Friday, July 22, 2016

Redbox Tries Streaming Again

When Redbox first partnered with Verizon three years ago, their joint venture, titled Redbox Instant, was seen as a possible competitor to Netflix and Hulu.  It was a strategy to expand from the DVD kiosk business toward a streaming one with a partner with a great deal of experience in mobile.  For whatever reason, that venture failed and Redbox Instant died last year. 

Since then, Verizon has been experimenting with their own subscription streaming mobile service. And now Redbox has decided to go it alone too with a new venture dubbed Redbox Digital.  But rather than be a monthly license fee subscription business, it appears that this new venture will attempt a transactional model.  According to Variety, "Redbox hasn’t said anything about pricing or catalog for Redbox Digital, but one can assume that it will largely mirror that of other services that allow users to pay to rent or own individual titles, including iTunes, Vudu and Google Play. That means that streaming rentals will likely be significantly more expensive than the $1.50 Redbox customers currently pay for physical disc rentals."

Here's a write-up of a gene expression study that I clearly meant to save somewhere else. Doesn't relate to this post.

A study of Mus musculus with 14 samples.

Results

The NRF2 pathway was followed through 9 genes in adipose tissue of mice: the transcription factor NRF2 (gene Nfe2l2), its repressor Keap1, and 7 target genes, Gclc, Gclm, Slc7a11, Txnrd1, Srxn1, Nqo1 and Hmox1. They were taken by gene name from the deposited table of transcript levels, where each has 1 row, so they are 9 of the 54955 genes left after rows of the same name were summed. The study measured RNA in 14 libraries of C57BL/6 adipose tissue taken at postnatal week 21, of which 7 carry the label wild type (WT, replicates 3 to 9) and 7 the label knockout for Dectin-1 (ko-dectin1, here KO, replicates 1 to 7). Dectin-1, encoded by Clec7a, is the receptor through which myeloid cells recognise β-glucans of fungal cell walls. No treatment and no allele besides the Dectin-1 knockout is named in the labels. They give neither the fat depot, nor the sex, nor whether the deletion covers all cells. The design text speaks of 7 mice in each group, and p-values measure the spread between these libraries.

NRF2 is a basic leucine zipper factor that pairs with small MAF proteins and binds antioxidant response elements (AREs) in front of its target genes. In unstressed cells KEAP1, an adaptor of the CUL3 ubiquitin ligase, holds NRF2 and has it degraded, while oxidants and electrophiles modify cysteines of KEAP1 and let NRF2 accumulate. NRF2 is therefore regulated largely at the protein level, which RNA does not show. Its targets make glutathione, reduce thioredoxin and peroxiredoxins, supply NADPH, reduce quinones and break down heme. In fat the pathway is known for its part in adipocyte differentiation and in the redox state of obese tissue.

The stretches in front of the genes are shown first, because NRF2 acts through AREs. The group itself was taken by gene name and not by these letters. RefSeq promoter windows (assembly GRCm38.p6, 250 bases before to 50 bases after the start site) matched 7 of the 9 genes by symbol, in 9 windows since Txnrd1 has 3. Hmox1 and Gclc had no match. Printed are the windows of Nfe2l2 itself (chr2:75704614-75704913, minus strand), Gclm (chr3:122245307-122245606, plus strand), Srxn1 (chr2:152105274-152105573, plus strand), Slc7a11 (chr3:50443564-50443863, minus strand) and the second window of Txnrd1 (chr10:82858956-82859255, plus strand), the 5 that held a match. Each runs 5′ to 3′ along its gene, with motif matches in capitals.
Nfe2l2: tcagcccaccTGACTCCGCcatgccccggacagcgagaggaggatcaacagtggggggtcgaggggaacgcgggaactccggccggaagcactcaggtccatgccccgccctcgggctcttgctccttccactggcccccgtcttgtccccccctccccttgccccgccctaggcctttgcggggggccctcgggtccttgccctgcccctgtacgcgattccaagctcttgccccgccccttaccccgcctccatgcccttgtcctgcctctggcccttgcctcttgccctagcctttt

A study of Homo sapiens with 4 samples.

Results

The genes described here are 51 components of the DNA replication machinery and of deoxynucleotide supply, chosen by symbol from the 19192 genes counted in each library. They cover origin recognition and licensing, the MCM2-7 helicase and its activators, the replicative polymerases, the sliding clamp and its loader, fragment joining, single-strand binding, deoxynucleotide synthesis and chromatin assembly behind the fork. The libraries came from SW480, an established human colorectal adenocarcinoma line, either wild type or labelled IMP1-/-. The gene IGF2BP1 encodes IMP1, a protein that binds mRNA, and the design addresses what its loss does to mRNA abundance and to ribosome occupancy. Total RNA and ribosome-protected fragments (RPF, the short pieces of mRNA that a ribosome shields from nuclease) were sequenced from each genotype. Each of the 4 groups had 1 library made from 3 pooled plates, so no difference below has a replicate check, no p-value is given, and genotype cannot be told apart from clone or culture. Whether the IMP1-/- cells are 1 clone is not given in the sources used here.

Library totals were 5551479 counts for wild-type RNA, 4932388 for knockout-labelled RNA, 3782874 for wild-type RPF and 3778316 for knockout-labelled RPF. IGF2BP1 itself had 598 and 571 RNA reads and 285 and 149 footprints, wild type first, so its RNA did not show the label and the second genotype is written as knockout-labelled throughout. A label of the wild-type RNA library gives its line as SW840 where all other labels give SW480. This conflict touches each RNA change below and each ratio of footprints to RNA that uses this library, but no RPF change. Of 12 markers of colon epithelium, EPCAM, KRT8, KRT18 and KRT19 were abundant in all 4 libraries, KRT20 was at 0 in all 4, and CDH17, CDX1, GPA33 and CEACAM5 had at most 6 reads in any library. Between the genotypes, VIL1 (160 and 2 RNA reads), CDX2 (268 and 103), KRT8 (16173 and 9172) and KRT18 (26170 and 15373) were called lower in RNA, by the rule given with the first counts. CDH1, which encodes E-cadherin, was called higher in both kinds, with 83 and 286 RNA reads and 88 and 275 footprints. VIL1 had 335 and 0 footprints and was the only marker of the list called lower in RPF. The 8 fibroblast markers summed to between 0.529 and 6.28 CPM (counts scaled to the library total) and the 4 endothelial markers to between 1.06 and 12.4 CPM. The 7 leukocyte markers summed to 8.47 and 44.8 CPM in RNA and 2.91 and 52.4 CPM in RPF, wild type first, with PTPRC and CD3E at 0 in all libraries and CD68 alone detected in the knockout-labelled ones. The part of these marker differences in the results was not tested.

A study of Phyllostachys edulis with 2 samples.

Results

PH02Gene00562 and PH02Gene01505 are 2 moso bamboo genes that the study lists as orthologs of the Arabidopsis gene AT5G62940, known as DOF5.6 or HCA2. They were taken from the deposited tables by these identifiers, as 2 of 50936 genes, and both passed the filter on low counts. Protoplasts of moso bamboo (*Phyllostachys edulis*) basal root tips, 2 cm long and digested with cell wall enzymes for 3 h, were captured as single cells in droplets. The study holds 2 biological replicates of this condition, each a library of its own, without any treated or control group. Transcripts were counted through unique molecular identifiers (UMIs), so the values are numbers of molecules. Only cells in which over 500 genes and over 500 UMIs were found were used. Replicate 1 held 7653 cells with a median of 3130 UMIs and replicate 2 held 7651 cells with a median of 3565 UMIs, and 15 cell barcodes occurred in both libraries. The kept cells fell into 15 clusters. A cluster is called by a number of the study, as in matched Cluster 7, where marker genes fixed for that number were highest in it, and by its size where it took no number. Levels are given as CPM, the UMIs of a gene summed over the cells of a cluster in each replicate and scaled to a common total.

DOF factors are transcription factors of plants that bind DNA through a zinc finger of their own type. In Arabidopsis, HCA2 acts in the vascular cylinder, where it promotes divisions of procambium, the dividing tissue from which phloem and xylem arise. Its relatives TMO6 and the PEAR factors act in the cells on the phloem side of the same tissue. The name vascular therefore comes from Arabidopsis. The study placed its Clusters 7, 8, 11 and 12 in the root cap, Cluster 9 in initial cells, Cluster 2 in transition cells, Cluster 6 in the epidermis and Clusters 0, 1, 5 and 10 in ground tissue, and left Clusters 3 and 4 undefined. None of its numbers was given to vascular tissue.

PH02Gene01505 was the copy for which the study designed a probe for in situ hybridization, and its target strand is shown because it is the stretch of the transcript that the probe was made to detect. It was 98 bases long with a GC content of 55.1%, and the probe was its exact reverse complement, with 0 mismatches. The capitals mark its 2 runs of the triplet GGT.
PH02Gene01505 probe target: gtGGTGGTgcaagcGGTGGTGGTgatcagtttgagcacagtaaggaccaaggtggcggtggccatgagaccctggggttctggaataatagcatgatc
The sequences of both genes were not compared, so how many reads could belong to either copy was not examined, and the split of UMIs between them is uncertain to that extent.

Why did the Verizon - Redbox Instant partnership fail?  What did each side learn as they independently create other digital streaming businesses?    And can either of these two succeed against the respective incumbents.  The opportunity is there as long as each can learn from their past mistakes. I'd love to help.

U-Verse Loses Subs While DirecTv Adds Them

AT&T may just consider itself a tale of two cities.  On one hand, they have the newly acquired DirecTv, a satellite service that saw a gain of 342,000 subs in the second quarter, while its competition, Dish, lost nearly as many.  And on the other hand you have the telco digital service, U-Verse, what FIOS is to Verizon, dropping those DirecTv gains and more. They lost "391,000 U-verse TV users in the second quarter" per Fierce Cable.  That's almost a 50,000 sub net loss for AT&T!  What happened?

AT&T also reported more broadband losses as they were not able to convert their DSL base to IP.  Did these customers go back to cable or did they ut the cord altogether?  The challenge AT&T faces is how to keep promoting and growing the DirecTv business without taking that business away from its telco side.  Is there synergy there to grow or a zero sum game?  The last quarter financials questions where the business is going.